New Louisiana Biz Services CUSO Finds Strong Demand For Loans


Called Business Alliance Financial Services (BAFS), the group has been operating since January and has seen healthy demand, according to Richard Guillot, BASF president. "In the first three months, with only three of our credit unions up on our system, we processed 30 to 45 apps, with the average loan being $200,000 to $250,000."

Guillot acknowledged that the activity is greater than projected, but it follows an examination of the Louisiana market that indicated there is a void in small-to-medium size business loans. The asset sizes of BAFS credit unions, each equal owners in the CUSO, range from $80 million to $850 million. By coming together they save personnel, system, and processing costs.

"If you tried to find seven different executives to individually provide credit unions with the skill and expertise to work within the business community and make sound loans, the cost would be significant," Guillot said.

Guillot has 25 years of commercial underwriting and business development experience, and before that was head of credit administration for a large regional bank in north Louisiana. BASF also has a VP of operations who has more than 20 years of loan documentation and servicing experience. The CUSO is in the process of hiring a commercial underwriter. Guillot estimated that by forming the CUSO, each CU is spending about 20% of the money they would if they ramped up business lending on their own. He would not disclose BASF's operating costs.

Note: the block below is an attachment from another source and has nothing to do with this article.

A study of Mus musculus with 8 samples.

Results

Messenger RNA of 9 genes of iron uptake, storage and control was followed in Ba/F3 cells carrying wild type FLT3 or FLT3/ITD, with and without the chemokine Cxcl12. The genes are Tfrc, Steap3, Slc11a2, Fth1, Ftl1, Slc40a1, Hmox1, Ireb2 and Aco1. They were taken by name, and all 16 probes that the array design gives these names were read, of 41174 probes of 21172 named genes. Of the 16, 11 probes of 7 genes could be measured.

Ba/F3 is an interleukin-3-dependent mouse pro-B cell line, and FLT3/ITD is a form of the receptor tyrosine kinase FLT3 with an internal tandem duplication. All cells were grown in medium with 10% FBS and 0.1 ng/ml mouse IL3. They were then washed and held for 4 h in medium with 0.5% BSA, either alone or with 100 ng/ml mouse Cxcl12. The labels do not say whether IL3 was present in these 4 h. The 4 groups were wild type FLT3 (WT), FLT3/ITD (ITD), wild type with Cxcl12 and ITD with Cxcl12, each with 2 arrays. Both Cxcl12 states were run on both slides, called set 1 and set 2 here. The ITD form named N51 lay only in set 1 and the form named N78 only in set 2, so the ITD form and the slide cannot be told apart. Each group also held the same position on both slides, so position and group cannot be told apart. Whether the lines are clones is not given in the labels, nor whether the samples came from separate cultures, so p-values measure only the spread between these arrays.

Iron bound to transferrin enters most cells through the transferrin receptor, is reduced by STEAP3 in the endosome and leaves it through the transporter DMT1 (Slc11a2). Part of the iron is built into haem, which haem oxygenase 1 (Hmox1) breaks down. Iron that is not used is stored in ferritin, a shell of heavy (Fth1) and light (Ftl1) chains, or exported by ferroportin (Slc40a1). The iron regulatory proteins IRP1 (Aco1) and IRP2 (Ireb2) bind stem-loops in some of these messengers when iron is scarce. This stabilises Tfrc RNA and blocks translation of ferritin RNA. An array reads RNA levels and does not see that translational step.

Not only will the CUSO provide efficiencies, but flexibility through loan participations. "Let's say we have a viable credit opportunity that is too large for one CU. We have six other credit unions through which we can participate the loan," Guillot said. "The aggregate asset size of all seven credit unions is $2.7 billion."

The initial underwriting and credit management process in handled by BAFS, as well as loan documentation, post-credit analysis, and servicing. But the final credit decision lies with each CU's MBL committee. "Our CUSO provides the credit analysis, recommendations, and all of the information the credit union needs to make the decision."

Guillot believes BAFS has taken the steps to not only assess but mitigate commercial lending risk, but added that the CUSO will "walk before we run. Because there are so many opportunities in the marketplace, we'll be very selective at first in the credit we choose to look at and underwrite."

BAFS will also offer savings to its credit unions down the road if they advertise. Right now, Guillot emphasized that the best way BAFS can sell itself is through results. "The business community talks to one another. You do a good job, respond to members' needs, and they will talk. The majority of your business loans come by referral."

Participating CUs are: ANECA FCU and Barksdale FCU, both Shreveport; Carter FCU Springhill; Centric FCU, West Monroe; E FCU and Neighbors FCU, both Baton Rouge; and CSE FCU, Lake Charles. Guillot said BAFS will eventually welcome other credit unions, but probably not before the end of the year.